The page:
Some Chicago-area health care workers say a staffing crisis is endangering patients and are calling for hospitals to improve working conditions by hiring more staff and upping wages.
Nurses, certified nursing assistants, patient techs and other workers with the Service Employee International Union Healthcare Illinois coordinated a citywide day of action at eight area hospitals Thursday. They “marched on the boss,” in which workers go together to confront supervisors about a grievance.
“It’s been tiresome and stressful,” said Vickki Dennis, who works as a housekeeper at a hospital in Gary, Ind. “The workload is heavy, and I wish [the hospital] could hire more people. Right now, the ones that are here, we are overworked and underpaid.”
She said the staffing shortage affects patients, with some waiting in emergency rooms for long periods of time.
“Some people [stay in] the emergency room … maybe two days or something waiting on a room,” Dennis said.
Anne Igoe, vice president of health systems at SEIU Healthcare Illinois, said the staffing shortage and low pay have been long-standing issues that precede the pandemic.
“This has been going on for a long time,” Igoe said. “What workers are doing today [marching on the boss], they’ve done dozens of times before.”
She added that hospitals are continuing to “staff to the bone” because they see the shortage as a temporary labor issue. Many facilities have hired workers through temporary staffing agencies at higher hourly rates, she said, because they believe the labor pool will return.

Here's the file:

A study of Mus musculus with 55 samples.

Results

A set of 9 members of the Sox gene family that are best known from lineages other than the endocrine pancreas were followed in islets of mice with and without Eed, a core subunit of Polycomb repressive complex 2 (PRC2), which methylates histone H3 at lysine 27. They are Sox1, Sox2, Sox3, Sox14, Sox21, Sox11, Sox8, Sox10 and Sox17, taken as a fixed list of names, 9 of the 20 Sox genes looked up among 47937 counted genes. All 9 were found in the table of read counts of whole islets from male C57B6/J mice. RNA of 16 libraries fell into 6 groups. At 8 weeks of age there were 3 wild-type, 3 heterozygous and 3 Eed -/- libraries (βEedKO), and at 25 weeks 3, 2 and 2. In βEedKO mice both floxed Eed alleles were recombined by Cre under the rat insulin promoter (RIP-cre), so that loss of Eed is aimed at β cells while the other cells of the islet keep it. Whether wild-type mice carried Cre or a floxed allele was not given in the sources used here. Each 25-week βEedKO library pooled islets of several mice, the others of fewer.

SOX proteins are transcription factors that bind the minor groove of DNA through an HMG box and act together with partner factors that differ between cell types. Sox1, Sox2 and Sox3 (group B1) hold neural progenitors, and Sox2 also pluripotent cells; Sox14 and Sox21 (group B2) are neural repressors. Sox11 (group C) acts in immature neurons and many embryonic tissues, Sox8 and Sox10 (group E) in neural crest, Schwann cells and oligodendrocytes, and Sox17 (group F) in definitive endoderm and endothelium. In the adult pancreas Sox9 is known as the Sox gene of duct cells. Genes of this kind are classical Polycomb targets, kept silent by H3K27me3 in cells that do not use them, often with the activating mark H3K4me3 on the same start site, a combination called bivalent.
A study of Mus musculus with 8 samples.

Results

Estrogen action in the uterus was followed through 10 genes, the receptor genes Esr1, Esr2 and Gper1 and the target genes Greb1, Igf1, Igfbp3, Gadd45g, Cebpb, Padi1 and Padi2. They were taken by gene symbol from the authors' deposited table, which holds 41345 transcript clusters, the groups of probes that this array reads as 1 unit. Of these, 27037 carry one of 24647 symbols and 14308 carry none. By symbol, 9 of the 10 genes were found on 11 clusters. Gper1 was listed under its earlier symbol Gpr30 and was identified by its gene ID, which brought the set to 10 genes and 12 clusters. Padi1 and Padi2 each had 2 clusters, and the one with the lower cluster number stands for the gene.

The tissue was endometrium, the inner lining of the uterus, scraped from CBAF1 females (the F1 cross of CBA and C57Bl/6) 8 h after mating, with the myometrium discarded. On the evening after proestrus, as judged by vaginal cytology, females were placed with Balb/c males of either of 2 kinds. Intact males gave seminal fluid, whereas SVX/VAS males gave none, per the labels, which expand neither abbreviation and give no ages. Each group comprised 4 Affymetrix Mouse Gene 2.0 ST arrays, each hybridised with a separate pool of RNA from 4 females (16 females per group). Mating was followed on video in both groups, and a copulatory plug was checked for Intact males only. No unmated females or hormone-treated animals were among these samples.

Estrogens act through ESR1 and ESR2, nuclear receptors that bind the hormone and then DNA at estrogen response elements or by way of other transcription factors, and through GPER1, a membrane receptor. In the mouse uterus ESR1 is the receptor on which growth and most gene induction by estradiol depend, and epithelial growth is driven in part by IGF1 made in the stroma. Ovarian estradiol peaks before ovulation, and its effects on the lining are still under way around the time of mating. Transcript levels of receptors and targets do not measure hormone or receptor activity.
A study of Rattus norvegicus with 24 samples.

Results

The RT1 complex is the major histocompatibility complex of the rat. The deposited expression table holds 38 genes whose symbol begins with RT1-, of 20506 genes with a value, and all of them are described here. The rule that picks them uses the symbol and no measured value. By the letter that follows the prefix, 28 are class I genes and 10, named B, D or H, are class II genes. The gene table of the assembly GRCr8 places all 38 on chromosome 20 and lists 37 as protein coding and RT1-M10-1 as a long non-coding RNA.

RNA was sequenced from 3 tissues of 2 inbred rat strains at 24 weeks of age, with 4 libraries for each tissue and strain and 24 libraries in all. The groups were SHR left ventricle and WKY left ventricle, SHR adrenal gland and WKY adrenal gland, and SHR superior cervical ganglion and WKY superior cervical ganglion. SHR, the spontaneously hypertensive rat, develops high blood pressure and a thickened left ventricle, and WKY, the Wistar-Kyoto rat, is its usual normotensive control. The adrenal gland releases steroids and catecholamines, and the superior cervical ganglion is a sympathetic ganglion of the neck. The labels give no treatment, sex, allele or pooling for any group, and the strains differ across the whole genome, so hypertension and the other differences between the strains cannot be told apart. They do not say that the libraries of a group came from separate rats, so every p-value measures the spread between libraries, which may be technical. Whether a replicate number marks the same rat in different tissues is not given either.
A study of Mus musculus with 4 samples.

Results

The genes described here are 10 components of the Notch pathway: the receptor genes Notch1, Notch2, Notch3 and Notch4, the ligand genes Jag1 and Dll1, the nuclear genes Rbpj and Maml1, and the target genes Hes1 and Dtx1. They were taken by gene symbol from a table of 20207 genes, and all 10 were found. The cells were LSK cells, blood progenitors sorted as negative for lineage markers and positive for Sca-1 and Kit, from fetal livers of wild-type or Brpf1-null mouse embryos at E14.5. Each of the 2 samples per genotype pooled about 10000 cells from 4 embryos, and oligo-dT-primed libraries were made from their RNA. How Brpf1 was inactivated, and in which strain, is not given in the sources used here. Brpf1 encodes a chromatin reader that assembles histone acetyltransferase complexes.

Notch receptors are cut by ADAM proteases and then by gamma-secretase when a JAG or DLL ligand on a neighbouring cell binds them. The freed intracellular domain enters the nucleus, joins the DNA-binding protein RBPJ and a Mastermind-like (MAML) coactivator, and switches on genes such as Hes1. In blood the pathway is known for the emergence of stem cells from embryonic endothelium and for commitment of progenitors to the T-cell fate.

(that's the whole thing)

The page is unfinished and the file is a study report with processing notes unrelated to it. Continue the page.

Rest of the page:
However, Igoe said, many workers are getting burned out and leaving the industry.
“So much more is being asked of them, and their bodies can’t take it anymore,” she said.
Newer, would-be health care employees, Igoe added, are going to places like Amazon or other retailers that pay more.
Hospitals — especially ones like Northwestern Memorial Hospital which “has the resources, in terms of millions of dollars of revenue” — should invest in its frontline staff and in providing care for patients, Igoe said.
“Northwestern has the ability to pay more,” Igoe said. “Year after year, they are investing money into their investment accounts, and we’re not seeing that come back to the hospital.”
Christopher King, chief media relations executive for Northwestern Medicine, said in a statement to WBEZ, “The health and safety of our employees and patients is our highest priority. Finding qualified employees today is an issue for every industry and health care is not immune.”
He said the hospital is “actively working to implement strategies to support our employees and redesign how work is done,” and he hopes SEIU will help Northwestern Memorial “identify candidates for the 190 positions that are currently open.”
Bernice Toney has worked at Northwestern Memorial for 12 years, first as a patient tech and now as a secretary. She said her working conditions have steadily been declining in the past 10 years, but much more rapidly during the pandemic. She said she has been filling in as secretary for four different floors, instead of one.
She said she and other hospital workers attempted to deliver to management more than 400 “Assignment Despite Objection” forms, which are forms that workers can fill out when they are forced to work short-staffed.
As for Northwestern’s efforts to relieve the staffing crisis, she said, “I can’t tell you what they’re doing because it seems like it’s nothing.” She added that Northwestern does not pay workers enough to keep them long term.
Staffing shortages have been well documented in the Chicago area, including one at Cook County Health, the biggest safety net health system for the most vulnerable low-income patients in the region. Cook County Board President Toni Preckwinkle this week admitted the county is facing thousands of open jobs, calling it a “staffing crisis” she is trying to address.
According to studies, understaffing at hospitals can lead to poorer outcomes for patients. One study from the European Journal of Cardiovascular Nursing found that for every additional nurse on staff, patients are 14% less likely to die in the hospital.
Esther Yoon-Ji Kang is a reporter for WBEZ’s Race, Class and Communities desk. Follow her on Twitter @estheryjkang.